Friday, February 12, 2010

Just in from the USDA

Organic pepper--Jake Putnam photo
Special funds available through USDA for organic producers

Boise, ID, February 10, 2010 – Farmers involved in organic production may qualify for funds through the US Department of Agriculture’s Environmental Quality Incentives Program (EQIP) to implement conservation practices related to organic agriculture. The Natural Resources Conservation Service will take applications for a special EQIP “Organic Initiative” until March 12.

“This is the second year for the organic initiative which provides financial assistance to encourage organic producers to adopt conservation practices that improve their operations,” said Clint Evans, Idaho Assistant State Conservationist for programs. “The benefit of the organic initiative is that it allows eligible producers to compete for EQIP benefits separately from regular EQIP funding.”

EQIP provides financial and technical assistance to help implement practices that will conserve resources on private farm lands. Eligible producers include producers who are currently certified organic and producers transitioning to organic production systems.

“Producers can apply for financial assistance to help offset the costs of applying conservation practices to remedy existing environmental problems on their agriculture lands,” Evans said. “Applicants will need to complete a screening worksheet for either Certified Organic operation or transitioning to organic production.”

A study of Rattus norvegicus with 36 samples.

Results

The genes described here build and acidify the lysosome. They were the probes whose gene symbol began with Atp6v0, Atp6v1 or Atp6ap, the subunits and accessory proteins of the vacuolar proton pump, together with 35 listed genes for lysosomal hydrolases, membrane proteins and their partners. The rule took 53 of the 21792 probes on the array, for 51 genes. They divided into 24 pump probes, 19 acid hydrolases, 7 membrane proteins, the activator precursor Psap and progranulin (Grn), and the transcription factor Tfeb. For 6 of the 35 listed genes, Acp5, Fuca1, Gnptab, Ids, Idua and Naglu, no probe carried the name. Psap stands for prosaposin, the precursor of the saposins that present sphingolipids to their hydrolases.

To be eligible for EQIP support for organic operations, the 2008 Farm Bill requires producers to develop and carry out an Organic System Plan. These plans must be approved and registered by the Idaho Department of Agriculture or a USDA accredited certifier. Applicants with certified organic operations must submit a copy of their current Organic System Plan.

“NRCS has over 290 conservation practices under the Environmental Quality Incentives Program that can help organic producers,” said Marlon Winger, the state agronomist with NRCS. “For example, planting cover crops to increase nitrogen in the soil or improving plant health through crop rotation or evaluating compost in nutrient management plans.”

Winger added, “Producers can also take advantage of technical advice available from NRCS field offices. NRCS provides both financial and technical assistance to motivate producers to change or adapt practices to improve conservation on their operations.”

For more information, potential applicants should contact the USDA Service Center in their local area. Visit the NRCS website at and click the link “Find a Service Center.”